Pols push stiffer penalties for child predators

If two local lawmakers get their way, New York children willgain an added layer of protection against predators, both in personand on line.

State Senator Marty Golden and Assemblymember Nicole Malliotakisare sponsoring legislation that would increase the penalties foradults convicted of trying to lure children under the age of 17 forcriminal activity or sexual encounters, whether the stage is aprivate car, a secluded area of the neighborhood or the Internet’svarious social media sites.

Currently, individuals charged with such activity – rated a class Amisdemeanor — face a maximum of a year in prison; if thelegislation that Golden and Malliotakis are sponsoring shouldbecome law, that would go up to a maximum of seven years behindbars, because the actions would be reclassified as Class Dfelonies.

In addition, harassment of a child on line would also become aClass D felony; currently, no law covers computer harassment.

The image of Leiby Kletzky, the Boro Park boy who was allegedlymurdered by a man he asked for directions this past summer, is veryvivid for both Malliotakis and Golden.

It sticks in your craw, said Golden, referencing also thedisappearance in 1979 of another young boy, Etan Patz, from nearhis Manhattan home. Patz’s whereabouts were never determined and hewas declared dead in 2001. These are sad cases that might havebeen prevented if there was a law that was strong enough.

In addition, Golden noted, there are occasionally worries aboutchild stalking in the area. Every year, we get it, he said. Lastyear, it was around May, where there were cars out around some ofthe schools trying to lure kids into them. The city and parentsneed tools that hopefully can prevent horrific crimes fromoccurring. This is something no child should have to bear.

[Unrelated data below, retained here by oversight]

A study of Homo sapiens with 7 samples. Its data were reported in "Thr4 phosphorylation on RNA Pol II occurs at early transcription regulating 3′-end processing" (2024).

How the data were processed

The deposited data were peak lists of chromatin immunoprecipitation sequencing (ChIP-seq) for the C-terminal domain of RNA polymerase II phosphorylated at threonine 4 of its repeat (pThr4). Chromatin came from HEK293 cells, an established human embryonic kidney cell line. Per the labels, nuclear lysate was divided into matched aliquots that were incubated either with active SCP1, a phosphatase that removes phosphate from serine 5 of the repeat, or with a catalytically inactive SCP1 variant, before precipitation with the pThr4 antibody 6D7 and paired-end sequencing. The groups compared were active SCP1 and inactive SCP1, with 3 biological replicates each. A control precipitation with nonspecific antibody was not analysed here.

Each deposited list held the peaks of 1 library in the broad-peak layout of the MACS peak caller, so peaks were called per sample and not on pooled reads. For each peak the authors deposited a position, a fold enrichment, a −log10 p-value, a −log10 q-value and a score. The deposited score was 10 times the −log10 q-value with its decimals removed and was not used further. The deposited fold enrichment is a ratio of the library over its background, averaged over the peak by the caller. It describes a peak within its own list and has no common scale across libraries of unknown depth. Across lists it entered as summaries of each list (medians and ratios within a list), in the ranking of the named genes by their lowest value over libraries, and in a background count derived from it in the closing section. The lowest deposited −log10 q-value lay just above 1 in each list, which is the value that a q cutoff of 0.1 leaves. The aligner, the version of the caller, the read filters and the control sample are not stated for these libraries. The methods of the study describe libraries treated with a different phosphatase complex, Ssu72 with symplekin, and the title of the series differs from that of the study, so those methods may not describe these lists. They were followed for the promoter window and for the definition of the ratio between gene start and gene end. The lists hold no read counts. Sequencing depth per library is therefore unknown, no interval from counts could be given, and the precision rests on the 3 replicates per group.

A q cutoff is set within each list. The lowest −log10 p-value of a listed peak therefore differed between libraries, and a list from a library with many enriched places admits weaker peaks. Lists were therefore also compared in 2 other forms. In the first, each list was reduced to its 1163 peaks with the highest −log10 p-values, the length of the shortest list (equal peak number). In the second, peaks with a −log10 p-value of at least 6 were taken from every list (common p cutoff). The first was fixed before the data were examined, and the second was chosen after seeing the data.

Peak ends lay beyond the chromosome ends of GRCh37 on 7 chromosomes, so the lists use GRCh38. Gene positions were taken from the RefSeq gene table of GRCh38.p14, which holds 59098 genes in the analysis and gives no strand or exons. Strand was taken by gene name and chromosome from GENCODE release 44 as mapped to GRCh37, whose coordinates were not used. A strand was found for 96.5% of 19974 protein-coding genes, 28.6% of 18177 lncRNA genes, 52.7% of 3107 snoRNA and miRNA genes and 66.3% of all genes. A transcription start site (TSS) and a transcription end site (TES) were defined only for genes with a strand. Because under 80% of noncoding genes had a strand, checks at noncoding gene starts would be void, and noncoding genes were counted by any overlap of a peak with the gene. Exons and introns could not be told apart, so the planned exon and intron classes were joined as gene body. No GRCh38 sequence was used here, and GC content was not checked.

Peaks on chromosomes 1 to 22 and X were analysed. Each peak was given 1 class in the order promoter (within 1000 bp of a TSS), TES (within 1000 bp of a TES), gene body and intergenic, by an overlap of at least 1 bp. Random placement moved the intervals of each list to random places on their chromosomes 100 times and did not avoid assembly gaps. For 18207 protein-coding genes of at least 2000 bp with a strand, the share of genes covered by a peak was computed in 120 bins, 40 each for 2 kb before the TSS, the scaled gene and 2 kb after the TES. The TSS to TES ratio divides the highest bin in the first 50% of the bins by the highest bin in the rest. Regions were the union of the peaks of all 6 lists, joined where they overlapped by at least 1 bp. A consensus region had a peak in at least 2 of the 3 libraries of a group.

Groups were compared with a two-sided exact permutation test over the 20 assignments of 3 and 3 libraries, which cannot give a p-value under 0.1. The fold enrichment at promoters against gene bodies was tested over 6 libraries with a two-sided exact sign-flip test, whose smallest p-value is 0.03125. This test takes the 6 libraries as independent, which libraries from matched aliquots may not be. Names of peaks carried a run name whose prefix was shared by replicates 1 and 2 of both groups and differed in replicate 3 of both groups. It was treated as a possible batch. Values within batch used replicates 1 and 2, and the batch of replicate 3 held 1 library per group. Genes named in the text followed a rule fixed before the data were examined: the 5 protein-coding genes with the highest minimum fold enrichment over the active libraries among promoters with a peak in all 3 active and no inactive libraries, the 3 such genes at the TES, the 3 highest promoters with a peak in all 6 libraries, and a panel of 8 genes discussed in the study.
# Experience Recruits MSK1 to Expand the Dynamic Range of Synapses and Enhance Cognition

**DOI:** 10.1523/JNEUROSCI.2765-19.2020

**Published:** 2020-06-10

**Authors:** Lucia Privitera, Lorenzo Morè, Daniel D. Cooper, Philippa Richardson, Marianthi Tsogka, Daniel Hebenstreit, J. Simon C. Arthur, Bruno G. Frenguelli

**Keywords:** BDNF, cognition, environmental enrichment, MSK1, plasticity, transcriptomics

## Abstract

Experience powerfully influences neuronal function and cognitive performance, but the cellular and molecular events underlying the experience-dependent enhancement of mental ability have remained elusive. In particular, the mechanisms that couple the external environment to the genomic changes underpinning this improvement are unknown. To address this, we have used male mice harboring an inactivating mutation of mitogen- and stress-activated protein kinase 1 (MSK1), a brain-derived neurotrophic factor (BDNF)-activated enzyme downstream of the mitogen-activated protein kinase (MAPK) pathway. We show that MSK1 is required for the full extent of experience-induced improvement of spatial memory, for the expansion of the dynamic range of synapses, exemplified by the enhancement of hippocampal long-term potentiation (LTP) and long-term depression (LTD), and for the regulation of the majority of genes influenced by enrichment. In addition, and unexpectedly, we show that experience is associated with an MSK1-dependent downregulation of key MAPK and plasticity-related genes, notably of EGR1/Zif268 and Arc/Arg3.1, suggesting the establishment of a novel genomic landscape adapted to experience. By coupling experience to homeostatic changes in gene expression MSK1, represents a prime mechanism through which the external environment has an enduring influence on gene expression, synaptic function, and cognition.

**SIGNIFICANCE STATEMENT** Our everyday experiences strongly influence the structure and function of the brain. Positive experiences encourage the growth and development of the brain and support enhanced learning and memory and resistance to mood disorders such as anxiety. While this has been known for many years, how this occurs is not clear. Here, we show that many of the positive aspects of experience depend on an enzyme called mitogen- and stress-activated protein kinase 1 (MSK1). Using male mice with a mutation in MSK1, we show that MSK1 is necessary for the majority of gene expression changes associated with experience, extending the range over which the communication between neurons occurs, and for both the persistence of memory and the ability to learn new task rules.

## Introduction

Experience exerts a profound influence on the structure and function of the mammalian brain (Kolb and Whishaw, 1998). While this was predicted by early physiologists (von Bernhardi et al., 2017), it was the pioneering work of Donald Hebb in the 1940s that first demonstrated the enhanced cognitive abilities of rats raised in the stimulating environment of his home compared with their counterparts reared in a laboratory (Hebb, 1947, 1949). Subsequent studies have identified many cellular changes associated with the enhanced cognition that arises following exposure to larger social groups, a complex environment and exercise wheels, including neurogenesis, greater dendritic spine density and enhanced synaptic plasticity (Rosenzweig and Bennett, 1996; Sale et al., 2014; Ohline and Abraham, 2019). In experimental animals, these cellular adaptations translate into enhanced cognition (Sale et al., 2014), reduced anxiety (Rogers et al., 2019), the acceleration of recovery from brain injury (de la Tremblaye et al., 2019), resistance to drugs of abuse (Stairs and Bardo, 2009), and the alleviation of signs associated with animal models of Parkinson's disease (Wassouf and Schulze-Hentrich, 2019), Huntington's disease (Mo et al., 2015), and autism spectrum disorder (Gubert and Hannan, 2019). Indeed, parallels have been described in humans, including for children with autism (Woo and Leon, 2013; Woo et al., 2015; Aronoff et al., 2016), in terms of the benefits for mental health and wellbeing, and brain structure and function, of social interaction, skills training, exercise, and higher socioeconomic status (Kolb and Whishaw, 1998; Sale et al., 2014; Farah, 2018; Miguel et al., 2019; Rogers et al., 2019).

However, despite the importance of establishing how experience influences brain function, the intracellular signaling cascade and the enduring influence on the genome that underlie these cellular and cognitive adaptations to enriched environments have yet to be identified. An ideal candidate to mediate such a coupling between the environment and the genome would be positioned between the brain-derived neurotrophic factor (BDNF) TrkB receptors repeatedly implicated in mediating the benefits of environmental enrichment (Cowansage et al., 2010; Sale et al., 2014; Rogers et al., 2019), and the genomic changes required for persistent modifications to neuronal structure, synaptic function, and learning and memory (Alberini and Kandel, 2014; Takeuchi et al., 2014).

The legislation has two goals, said Malliotakis. We are hoping itwill be a deterrent, and also provide the ability for lawenforcement to have a law on the books to be able to put someoneaway for a long enough period of time.

Both legislators promise to work to try to get their bill passed,though, as Malliotakis noted, There are 212 members with variousviews in Albany, meaning that, passing any piece of legislationis difficult.

As to its chances, in the GOP-controlled Senate, similarlegislation has passed in previous sessions, though it didn’t makeit out of committee this year. It has never gotten that far in theDemocratic-controlled Assembly. But, as Malliotakis noted,previously, the legislation had not had an Assembly sponsor, andnow it does.

We are hoping that now that we have a sponsor in each house, wewill be able to work with our colleagues to make it a reality,Malliotakis said.

We don’t want to wait till it’s too late, added Golden. We don’twant another Etan or Leiby. We want to be able to prevent that fromhappening.